Preserving religion in the campus : religious architecture in the modern American university, 1890-1955
Grubiak, Margaret Mary, Department of Architectural History, University of Virginia
Wilson, Richard Guy, Department of Architectural History, University of Virginia
Bluestone, Daniel, Unknown Registrar Dept Code-NoCode, University of Virginia
Nelson, Louis, Department of Architectural History, University of Virginia
Warren, Heather, Department of Religious Studies, University of Virginia
This dissertation examines the architecture of Harvard, Yale, Princeton, Columbia, the University of Chicago, Johns Hopkins University, the University of Pittsburgh, the Massachusetts Institute of Technology, and the Illinois Institute of Technology to uncover the place of religion in higher education in the first half of the twentieth century. Even as science and empirical knowledge gained ascendancy, university leaders and educators still believed it their duty to preserve the place of religion within the university mission. Following the "whole man" theory of education derived from Oxford and Cambridge universities, these educators employed architecture as part of a program to foster students' intellectual, social, and spiritual lives. In addition to building new libraries, laboratories, dormitories and dining halls, universities planned and constructed new chapels. These chapels advertised religion's importance especially as mandatory chapel policies came to an end, and their lavish interiors appealed to students' emotion to recapture interest in religion. Their location at the center of the campus and often opposite the library proclaimed religion's centrality in the university mission and asserted the importance of revealed knowledge in an environment focused on empirical knowledge. The University of Pittsburgh's Cathedral of Learning and Yale's Sterling Memorial Library appropriated religious imagery to sanctify the vocation of learning, bridging the divide between empirical and revealed knowledge. At I.I.T. and M.I.T., institutions devoted to the sciences, chapels constructed in the 1950s reminded students of the moral implications of science in the aftermath of World War II. This dissertation argues that the religious and apparently religious buildings on the university campus evince university leaders' strong desire to safeguard the cooperation between science and religion and ensure students' moral education. They capture profound changes in the modern American university as religious affiliations waned and as these institutions attempted to preserve religion's relevancy within higher education.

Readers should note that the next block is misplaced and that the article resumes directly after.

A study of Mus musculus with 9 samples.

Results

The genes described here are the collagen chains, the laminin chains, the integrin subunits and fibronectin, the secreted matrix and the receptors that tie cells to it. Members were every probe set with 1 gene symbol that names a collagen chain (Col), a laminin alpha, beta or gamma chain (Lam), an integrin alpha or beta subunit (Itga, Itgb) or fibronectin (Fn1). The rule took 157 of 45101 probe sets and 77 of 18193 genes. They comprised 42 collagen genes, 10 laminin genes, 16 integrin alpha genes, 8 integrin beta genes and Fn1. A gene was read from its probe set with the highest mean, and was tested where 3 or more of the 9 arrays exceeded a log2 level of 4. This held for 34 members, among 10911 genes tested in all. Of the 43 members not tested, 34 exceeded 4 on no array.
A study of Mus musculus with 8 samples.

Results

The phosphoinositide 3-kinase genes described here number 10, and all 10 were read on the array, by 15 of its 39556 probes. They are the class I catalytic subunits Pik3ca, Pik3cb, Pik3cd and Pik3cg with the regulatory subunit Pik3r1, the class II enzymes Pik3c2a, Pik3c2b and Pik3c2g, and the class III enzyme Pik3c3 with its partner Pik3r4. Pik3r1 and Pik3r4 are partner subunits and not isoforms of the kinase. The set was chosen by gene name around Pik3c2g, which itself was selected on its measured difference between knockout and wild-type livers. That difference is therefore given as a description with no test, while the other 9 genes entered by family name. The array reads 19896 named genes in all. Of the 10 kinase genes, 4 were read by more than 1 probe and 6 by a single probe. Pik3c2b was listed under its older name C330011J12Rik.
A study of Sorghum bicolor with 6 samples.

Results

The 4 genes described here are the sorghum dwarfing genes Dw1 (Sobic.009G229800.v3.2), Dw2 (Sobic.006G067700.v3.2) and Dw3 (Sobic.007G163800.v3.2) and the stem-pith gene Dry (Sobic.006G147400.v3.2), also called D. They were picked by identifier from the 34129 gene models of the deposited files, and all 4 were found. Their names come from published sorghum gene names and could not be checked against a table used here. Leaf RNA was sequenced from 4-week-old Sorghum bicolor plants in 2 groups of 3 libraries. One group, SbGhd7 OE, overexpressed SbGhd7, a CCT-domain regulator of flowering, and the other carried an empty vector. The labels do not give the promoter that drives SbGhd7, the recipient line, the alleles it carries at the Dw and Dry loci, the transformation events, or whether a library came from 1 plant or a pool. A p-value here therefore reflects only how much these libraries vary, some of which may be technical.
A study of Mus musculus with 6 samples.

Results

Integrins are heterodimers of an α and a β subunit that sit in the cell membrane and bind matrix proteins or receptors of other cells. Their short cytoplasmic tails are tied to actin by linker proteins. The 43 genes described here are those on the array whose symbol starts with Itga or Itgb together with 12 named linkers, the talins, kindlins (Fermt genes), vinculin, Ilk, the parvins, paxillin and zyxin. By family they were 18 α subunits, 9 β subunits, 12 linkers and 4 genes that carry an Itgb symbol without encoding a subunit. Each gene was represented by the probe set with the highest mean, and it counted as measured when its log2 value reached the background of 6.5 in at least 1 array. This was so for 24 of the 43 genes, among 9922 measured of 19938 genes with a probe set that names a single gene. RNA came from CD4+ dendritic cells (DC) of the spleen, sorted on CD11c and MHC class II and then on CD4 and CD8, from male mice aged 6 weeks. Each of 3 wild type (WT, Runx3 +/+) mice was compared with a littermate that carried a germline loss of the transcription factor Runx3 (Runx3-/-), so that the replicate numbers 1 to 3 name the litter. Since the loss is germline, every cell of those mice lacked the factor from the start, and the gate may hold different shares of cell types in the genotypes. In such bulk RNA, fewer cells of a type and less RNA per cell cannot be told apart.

Note: Abstract extracted from PDF file via OCR.
PHD (Doctor of Philosophy)
religion, higher education, university mission
Digitization of this thesis was made possible by a generous grant from the Jefferson Trust, 2015.
Thesis originally deposited on 2016-03-14 in version 1.28 of Libra. This thesis was migrated to Libra2 on 2017-03-23 16:35:33.